Millions of people in South Asia are affected by mental illness.

Yet this is largely ignored by governments and often even international development agencies.

For every individual struggling with mental illness, many others also suffer. This is especially true for women and girls, who often have to give up jobs and education to care for a relative with a mental illness.

But the good news is that with the right care and support mental health problems can be effectively treated. This leads to happier individuals, fewer people falling into poverty, and better life chances for women and children, and especially girls.

Our five big reasons
for focusing on mental health in South Asia


It’s a huge and growing issue in the region

Many people in the UK might assume that mental illness is not such an issue in developing regions like South Asia.

But imagine if you struggled every day to feed yourself or your family, lived in extreme poverty, received no support to help with a physical illness or disability, or had lost your home and livelihood because of a natural disaster.

These are the growing issues that millions of people in South Asia face every day. This is why Jaya Mental Health is determined to reach and support as many people as possible.


of people in the world who have mental health problems live in low or middle-income countries

This is why Jaya Mental Health is determined to reach and support as many people as possible.


Significant stigma surrounds mental illness

It is very common for communities in South Asia to ostracise and discriminate against people with a mental illness. There is very little education or awareness around mental health, and it is commonly believed that mental illness is the result of evil spirits or punishment for immoral behaviour.

Human rights abuses are also common, including families even chaining up or caging a relative to avoid public shame.

“Before getting help from Jaya Mental Health, some people used to get scared and run away when they saw me. I use to think, “Why are they afraid of me?”, and felt hurt and sad.”

Chandra, a patient at our mental health walk-in clinic in Eastern Nepal

This is why Jaya Mental Health is working hard to challenge misconceptions and prejudices, and advocating on behalf of people with a mental health problem.

It is estimated that 76 to 85% of people with serious mental disorders do not receive treatment in low-income countries


Mental health support barely exists

Most low-income countries in South Asia spend less than 1% of their healthcare budget on mental healthcare. Treatment is usually non-existent – when it is available it’s generally totally inadequate.

On top of this, many healthcare professionals labelled as mental health workers have received no training, and they can even be prejudiced towards people with mental problems themselves.

In low-income countries, the number of mental health workers can be as small as 2 per 100,000 people, compared with more than 70 in high-income countries.

This is why Jaya Mental Health is focused on training, equipping and empowering existing healthcare professionals in South Asia so they can provide high-quality mental health support.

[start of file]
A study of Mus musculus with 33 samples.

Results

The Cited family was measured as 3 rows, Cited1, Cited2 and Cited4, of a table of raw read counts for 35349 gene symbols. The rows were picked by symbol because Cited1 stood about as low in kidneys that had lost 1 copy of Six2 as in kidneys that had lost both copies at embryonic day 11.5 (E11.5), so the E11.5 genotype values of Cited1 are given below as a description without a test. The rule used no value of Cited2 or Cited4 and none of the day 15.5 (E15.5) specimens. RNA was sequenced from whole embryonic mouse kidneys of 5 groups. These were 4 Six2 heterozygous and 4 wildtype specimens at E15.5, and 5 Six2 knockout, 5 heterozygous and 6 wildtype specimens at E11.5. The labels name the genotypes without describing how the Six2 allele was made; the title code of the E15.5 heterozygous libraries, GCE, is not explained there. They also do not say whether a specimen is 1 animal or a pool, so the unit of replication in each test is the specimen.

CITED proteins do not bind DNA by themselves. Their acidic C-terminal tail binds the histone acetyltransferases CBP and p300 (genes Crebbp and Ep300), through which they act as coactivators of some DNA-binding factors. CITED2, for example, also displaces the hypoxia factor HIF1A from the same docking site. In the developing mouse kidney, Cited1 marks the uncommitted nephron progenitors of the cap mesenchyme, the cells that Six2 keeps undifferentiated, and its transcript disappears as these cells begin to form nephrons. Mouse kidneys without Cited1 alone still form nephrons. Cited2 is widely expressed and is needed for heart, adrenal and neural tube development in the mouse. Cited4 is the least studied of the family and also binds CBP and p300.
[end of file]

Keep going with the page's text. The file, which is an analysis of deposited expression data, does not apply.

A close association with poverty and disadvantage

In South Asia, there is a close link between mental illness and poverty, homelessness and other forms of disadvantage.

This is because people with a mental health problem may not be able to work due to a lack of treatment. Or they may lose their job or be denied work opportunities because of prejudice and discrimination.

This is why Jaya Mental Health is committed to reaching the most vulnerable and helping them get the support they need so they can secure employment.


Providing the right support can lead to tremendous benefits

When mental illness is treated incredible things can happen.

Good mental health not only means healthier and happier individuals; it can also lead to positive change in many other areas too.

“Before when I was very ill, I used to stay in bed for days on end.

Now that I am better, I help our family to earn an income by working on the farm, looking after the buffalo, the goats and the chickens.”

Gopal, a patient at our mental health walk-in clinic in Eastern Nepal

Saves the lives of mothers and their children

In developing countries mental illness is a particular problem amongst new mothers – many then struggle to look after their babies and other children, leading to neglect, hunger and even death. Suicide is a major cause of death for this group of women.
Treating maternal mental health problems keeps children safe and helps families to flourish.

Keeps girls in school

In South Asian countries, when there’s mental illness in the family it’s often girls who suffer the most. They are the ones most likely to take on the role of carers and to miss out on school. Factors such as gender discrimination and violence, and child marriage put girls at high risk of struggling with mental illness themselves. Without supportive communities girls are further at risk from dropping out of school.